This is a Hubble Space Telescope view looking long ago and far away at a supernova that exploded over 10 billion years ago. The supernova's light is just arriving at Earth because it has traveled more than 10 billion light-years (redshift 1.914) across space.
The supernova, designated SN UDS10Wil, is nicknamed SN Wilson, after the 28th U.S. President, Woodrow Wilson. At the time it exploded, the universe was in its early formative years where stars were being born at a rapid rate.
Astronomers spotted SN Wilson in December 2010 in the Cosmic Assembly Near-infrared Deep Extragalactic Legacy Survey (CANDELS) field. The small box in the top image pinpoints SN Wilson's host galaxy in the CANDELS survey. The image is a blend of visible and near-infrared light, taken by Hubble's Advanced Camera for Surveys and Wide Field Camera 3 (WFC3). The astronomers' search technique involved taking multiple near-infrared images with WFC3 spaced roughly 50 days apart over the span of three years, looking for a supernova's faint glow.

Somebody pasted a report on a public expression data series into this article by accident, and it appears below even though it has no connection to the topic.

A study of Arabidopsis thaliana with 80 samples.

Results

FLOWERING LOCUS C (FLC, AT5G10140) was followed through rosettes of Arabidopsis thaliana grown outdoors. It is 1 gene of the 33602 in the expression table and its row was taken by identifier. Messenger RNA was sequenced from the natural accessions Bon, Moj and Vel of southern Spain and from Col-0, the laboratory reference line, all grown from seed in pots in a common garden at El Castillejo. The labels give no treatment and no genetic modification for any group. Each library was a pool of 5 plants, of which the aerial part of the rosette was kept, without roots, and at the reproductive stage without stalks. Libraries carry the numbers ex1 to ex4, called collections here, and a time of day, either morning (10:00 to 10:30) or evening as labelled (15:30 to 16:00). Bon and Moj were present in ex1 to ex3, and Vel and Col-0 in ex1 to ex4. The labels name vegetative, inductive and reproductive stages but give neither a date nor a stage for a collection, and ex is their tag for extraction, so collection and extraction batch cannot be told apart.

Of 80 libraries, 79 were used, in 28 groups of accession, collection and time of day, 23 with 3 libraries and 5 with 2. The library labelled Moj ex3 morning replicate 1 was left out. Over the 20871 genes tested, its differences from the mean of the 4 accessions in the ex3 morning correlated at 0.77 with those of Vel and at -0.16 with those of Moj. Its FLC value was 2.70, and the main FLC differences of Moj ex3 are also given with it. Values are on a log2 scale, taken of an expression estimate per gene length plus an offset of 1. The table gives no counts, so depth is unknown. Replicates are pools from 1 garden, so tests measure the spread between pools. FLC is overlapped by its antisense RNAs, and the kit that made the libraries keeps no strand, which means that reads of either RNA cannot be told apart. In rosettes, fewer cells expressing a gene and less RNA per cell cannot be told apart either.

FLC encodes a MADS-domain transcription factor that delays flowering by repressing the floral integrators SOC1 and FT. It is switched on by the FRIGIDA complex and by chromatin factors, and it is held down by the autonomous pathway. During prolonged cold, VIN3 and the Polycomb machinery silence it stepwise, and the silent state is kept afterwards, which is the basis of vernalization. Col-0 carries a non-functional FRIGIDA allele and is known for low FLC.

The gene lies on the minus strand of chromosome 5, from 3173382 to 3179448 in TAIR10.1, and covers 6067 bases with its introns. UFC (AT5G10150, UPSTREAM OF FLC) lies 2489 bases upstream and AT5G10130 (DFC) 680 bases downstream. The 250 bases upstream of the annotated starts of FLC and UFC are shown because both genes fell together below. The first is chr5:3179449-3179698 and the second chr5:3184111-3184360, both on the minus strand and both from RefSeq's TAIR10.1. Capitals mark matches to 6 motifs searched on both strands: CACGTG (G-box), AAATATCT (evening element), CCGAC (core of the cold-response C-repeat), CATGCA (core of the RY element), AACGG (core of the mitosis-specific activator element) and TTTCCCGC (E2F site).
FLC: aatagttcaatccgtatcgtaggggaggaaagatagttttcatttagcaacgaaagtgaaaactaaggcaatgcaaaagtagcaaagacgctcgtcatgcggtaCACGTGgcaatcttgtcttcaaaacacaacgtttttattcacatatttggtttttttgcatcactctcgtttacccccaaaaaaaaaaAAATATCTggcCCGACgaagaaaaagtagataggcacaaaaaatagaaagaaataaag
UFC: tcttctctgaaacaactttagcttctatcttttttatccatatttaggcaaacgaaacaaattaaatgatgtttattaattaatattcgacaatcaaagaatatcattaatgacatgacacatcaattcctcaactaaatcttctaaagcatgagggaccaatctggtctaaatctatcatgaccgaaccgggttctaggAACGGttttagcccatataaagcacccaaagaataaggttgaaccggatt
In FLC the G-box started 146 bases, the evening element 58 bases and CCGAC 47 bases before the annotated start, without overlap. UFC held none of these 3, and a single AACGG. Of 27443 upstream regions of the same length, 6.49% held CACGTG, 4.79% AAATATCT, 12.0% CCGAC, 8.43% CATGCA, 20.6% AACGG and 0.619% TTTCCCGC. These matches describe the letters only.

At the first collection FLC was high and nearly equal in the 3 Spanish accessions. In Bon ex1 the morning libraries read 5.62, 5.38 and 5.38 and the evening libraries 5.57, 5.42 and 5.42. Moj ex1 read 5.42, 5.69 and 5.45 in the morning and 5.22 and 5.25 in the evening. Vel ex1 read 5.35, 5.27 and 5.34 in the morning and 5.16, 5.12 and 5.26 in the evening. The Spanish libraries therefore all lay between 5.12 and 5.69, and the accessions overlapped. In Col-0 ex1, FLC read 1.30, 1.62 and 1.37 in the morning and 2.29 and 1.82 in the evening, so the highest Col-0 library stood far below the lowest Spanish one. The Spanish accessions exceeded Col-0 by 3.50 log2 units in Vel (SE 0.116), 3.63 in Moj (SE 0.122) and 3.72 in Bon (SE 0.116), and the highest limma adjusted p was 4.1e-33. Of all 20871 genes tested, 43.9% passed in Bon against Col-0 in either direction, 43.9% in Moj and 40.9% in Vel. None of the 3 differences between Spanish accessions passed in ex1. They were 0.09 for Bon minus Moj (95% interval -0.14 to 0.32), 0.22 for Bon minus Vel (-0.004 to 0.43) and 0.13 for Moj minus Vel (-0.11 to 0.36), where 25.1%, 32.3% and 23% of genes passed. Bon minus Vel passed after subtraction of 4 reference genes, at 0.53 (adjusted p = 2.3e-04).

The three bottom images, taken in near-infrared light with WFC3, demonstrate how the astronomers found the supernova. The image at far left shows the host galaxy without SN Wilson. The middle image, taken a year earlier, reveals the galaxy with SN Wilson. The supernova cannot be seen because it is too close to the center of its host galaxy. To detect the supernova, astronomers subtracted the left image from the middle image to see the light from SN Wilson, shown in the image at far right.
The astronomers then used WFC3's spectrometer and the European Southern Observatory's Very Large Telescope to verify SN Wilson's distance and to decode its light, finding the unique signature of a Type Ia supernova.